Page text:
As lawmakers struggle to balance the state budget, a wide spectrum of civic groups are quietly meeting to try to find long-term fiscal solutions - which could include ballot measures in 2011 that reform TABOR and the citizen-initiative process.
If you're a parent whose post-college graduate child has returned to sleeping at your home, you're not alone. And if you're a recent college graduate who has been out there beating the employment bushes and finding them beating you right back, you are also not alone.
A trio of initiative petitions being circulated in Colorado would slash at least $1 billion annually in state taxes, roll back property taxes statewide and dramatically limit government's ability to construct new buildings.
The three initiatives, besides having similar themes of limiting government, also share what appear to be common connections to former state Rep. Doug las Bruce, R-Colorado Springs, the father of the Taxpayer's Bill of Rights in the state constitution.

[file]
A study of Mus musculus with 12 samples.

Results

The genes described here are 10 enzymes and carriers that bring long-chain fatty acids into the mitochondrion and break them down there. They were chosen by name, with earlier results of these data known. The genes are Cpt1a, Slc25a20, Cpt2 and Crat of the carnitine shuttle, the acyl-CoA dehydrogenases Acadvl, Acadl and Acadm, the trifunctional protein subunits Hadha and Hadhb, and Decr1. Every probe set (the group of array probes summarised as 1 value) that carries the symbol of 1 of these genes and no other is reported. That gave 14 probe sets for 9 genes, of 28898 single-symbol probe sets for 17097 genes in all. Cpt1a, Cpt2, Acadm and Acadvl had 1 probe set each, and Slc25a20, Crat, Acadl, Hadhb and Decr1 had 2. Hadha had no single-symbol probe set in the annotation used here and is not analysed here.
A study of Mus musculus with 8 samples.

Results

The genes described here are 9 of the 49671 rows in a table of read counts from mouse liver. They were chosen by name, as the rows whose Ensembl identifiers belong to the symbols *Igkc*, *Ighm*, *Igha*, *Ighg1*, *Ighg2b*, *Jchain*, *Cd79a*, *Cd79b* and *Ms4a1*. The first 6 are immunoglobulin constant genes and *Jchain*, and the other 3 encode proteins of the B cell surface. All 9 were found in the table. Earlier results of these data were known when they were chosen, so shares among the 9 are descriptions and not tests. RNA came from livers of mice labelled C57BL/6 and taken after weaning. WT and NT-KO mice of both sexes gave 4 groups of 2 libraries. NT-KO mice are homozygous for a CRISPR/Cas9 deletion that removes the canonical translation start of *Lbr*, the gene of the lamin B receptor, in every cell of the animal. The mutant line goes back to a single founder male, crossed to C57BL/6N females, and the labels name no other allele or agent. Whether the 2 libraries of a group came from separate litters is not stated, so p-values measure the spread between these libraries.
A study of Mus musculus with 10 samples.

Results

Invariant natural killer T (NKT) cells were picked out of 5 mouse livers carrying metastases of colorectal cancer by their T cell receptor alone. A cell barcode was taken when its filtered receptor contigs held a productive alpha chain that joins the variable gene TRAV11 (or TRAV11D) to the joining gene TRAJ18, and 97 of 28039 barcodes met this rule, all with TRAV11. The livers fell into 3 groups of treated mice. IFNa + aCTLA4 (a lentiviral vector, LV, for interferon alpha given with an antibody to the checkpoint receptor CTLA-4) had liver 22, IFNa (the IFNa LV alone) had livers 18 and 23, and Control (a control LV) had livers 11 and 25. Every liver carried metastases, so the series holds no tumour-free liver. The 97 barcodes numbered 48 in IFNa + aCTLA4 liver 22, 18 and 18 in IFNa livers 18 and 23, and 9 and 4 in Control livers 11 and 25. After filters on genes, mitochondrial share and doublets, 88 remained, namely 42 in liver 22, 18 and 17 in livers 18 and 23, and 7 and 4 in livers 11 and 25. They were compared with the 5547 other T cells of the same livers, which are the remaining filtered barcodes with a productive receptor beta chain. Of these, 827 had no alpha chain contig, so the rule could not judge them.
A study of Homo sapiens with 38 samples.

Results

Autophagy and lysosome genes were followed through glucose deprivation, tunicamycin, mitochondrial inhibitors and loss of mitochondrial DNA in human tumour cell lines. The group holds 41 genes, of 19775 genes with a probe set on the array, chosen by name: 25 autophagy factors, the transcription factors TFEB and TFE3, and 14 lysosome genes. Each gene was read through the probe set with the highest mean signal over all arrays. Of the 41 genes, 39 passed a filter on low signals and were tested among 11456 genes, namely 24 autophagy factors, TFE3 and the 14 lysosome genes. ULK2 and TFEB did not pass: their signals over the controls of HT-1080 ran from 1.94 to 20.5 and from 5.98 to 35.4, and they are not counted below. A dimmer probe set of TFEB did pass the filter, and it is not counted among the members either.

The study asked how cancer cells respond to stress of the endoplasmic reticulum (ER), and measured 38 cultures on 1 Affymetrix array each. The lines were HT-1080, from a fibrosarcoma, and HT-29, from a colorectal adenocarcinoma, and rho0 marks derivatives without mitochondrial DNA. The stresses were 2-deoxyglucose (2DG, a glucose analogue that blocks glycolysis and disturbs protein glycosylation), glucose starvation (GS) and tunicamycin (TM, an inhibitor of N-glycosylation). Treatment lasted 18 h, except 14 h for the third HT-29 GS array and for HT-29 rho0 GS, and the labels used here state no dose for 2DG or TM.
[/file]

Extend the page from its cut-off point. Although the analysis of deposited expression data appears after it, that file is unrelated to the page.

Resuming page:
Colorado has done little to pave the way for an economic recovery, leaders of two Denver-area think tanks agreed Wednesday at an economic forum in Colorado Springs that delved more into politics than economics.
Gov. Bill Ritter said last Thursday that he is working with groups outside the Capitol to craft a 2011 ballot initiative that would eliminate aspects of the Taxpayer's Bill of Rights.
Speaking to members of the Colorado Alliance for Retired Americans -- an arm of the AFL-CIO union -- Ritter explained how Colorado's constitution makes it difficult for lawmakers to prevent severe budget cuts to departments such as human services and public safety.
Commentary in Post says declining revenues will harm Colorado
On Sunday, The Denver Post published a commentary by Wade Buchanan, Chris Watney of the Colorado Children's Campaign and Carol Hedges of the Colorado Fiscal Policy Institute. We wanted to share it, in case you missed it.
DENVER – The head of the Colorado Legislature's Joint Budget Committee warned on Thursday that brutal budget cuts, new fees and higher taxes are on the table when state lawmakers consider ways to fix the state budget.
After spending a day and a half trying to absorb brain-numbing financial presentations, printed reports and Power Point slides, it was only fair that members of the state Fiscal Stability Commission got a little entertainment Thursday afternoon.